Shoppers horrified by Nazi uniforms

Shoppers horrified by Nazi uniforms

Four people wearing uniforms that included swastika armbands entered a Coles store in Victoria, claiming their outfits were 'only a joke'.

Photo: The Sunday Age
Photo: The Sunday Age

JEWISH leaders have warned of a growing “disconnect” with the Holocaust after a group of shoppers at a Victorian supermarket were seen entering the store dressed in Nazi uniforms.

The incident occurred at a Coles store in the Victorian town of Woodend late last month when two men and two women, all reportedly aged about 20, browsed the supermarket wearing uniforms that included swastika armbands and the imperial eagle.

Witness Craig MacKenzie told The Sunday Age he believed the group was heading to a party, but that shoppers, many of whom were elderly, were visibly intimidated by the display.

“I said to them that they were being highly disrespectful and had no idea what their uniforms meant,” MacKenzie said.

“The blokes told me that it was ‘only a joke’ and to f— off. I persisted, saying that there could be people here who went through World War II and the Holocaust. They laughed it off and told me to f— off again.”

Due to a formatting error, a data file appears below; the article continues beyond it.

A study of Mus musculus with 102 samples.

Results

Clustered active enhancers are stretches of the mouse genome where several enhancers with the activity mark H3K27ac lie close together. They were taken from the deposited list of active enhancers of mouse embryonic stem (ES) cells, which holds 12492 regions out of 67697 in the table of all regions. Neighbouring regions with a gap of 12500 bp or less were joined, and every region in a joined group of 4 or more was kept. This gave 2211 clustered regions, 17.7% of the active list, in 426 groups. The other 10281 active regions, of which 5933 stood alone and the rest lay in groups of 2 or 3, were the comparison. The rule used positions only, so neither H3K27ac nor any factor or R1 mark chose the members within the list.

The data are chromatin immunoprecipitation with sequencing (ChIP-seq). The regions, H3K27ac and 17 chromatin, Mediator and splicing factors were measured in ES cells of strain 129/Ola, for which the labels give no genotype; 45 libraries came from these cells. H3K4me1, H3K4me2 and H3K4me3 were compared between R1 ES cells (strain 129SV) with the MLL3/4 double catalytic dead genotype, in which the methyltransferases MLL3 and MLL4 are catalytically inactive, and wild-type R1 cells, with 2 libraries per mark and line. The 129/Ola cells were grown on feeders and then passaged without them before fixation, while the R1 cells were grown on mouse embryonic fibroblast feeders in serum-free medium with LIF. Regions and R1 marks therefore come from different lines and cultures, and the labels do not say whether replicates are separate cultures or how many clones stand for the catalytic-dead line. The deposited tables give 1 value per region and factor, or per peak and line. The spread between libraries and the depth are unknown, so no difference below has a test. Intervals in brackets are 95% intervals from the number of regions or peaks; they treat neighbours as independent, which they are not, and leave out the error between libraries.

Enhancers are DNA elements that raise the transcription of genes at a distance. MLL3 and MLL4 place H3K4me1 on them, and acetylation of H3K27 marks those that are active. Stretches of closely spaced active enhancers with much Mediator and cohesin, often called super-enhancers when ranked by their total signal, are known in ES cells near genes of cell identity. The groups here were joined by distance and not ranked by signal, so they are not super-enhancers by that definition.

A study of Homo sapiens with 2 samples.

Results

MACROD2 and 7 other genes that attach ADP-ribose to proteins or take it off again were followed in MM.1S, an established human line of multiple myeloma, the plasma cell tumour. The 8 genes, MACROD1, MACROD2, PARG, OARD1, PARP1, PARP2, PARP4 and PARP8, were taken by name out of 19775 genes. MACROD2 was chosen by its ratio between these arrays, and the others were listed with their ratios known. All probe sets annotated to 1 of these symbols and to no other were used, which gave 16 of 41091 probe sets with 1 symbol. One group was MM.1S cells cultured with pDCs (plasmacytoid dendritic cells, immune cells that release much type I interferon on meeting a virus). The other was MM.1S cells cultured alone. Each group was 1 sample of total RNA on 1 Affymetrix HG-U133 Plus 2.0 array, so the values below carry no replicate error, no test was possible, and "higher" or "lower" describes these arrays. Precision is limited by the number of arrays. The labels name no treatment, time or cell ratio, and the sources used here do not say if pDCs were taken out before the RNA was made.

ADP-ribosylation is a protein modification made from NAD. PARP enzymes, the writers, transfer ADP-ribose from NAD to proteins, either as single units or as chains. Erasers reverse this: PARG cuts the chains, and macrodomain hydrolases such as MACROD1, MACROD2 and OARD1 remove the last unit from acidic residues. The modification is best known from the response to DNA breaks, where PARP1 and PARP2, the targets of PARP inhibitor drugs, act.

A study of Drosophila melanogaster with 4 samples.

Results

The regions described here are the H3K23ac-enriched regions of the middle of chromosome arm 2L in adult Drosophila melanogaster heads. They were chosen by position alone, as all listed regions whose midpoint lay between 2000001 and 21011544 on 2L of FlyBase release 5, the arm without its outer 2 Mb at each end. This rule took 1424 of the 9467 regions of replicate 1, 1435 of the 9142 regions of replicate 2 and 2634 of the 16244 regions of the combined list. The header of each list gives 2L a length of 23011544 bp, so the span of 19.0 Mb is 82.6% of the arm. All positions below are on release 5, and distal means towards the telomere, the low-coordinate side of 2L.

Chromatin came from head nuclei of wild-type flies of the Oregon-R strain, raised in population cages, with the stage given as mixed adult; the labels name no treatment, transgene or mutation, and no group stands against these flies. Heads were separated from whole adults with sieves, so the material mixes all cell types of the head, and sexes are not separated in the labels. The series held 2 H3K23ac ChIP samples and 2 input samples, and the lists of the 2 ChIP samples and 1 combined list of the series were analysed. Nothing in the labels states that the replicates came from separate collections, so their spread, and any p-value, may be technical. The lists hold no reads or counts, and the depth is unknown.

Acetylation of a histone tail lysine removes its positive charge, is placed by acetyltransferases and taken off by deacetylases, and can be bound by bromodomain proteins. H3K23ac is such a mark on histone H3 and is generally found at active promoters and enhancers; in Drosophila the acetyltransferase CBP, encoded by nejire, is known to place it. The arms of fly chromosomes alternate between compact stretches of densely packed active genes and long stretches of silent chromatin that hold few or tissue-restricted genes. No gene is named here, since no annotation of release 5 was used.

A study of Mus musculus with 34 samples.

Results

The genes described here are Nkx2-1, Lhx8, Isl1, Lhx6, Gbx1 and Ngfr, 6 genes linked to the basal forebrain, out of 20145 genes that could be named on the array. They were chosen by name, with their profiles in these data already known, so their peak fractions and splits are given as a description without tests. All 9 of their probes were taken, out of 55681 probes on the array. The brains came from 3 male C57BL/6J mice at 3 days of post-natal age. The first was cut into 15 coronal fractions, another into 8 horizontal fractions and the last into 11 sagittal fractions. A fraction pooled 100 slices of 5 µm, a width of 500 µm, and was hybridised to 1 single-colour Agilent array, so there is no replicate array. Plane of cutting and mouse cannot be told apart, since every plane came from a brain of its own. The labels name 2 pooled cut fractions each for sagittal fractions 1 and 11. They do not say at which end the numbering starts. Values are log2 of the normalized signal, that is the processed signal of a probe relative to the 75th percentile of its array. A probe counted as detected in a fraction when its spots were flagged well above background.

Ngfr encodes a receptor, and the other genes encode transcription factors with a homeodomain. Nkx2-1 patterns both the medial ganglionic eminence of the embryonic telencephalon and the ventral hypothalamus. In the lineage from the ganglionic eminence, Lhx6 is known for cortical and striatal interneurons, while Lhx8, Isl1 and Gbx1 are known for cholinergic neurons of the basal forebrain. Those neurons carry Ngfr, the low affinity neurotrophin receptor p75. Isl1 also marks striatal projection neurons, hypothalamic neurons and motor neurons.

Executive Council of Australian Jewry co-CEO Peter Wertheim said it was “truly bizarre” that some people are “so ignorant of history, or so oblivious to the gruesome butchery of the Nazi genocide, that they apparently think that walking around in SS uniforms with swastika armbands is just a bit of harmless fun”.

“Perhaps a visit to the Auschwitz extermination camp or the crematorium at Theresienstadt would jolt them back into reality,” Wertheim said in a statement.

Jewish Community Council of Victoria president Jennifer Huppert said there was a “lack of understanding” about the impact of Nazi memorabilia, costumes and symbols, and a growing “disconnect” with the Holocaust.

Describing the incident as “very disturbing and distressing”, Huppert said, “It’s not a matter just for the Jewish community, Australians fought in that war for freedom against Nazis.

“These people probably don’t even know their own grandparents fought in a war against the people in those uniforms.”

Stating that this incident is “beyond revolting”, Anti-Defamation Commission chairman Dvir Abramovich said, “Allowing the public showcasing of the swastika or other Third Reich paraphernalia violates our rights to feel safe, and I repeat my call for the state and federal governments to ban the public displays of the swastika or other Nazi insignia.”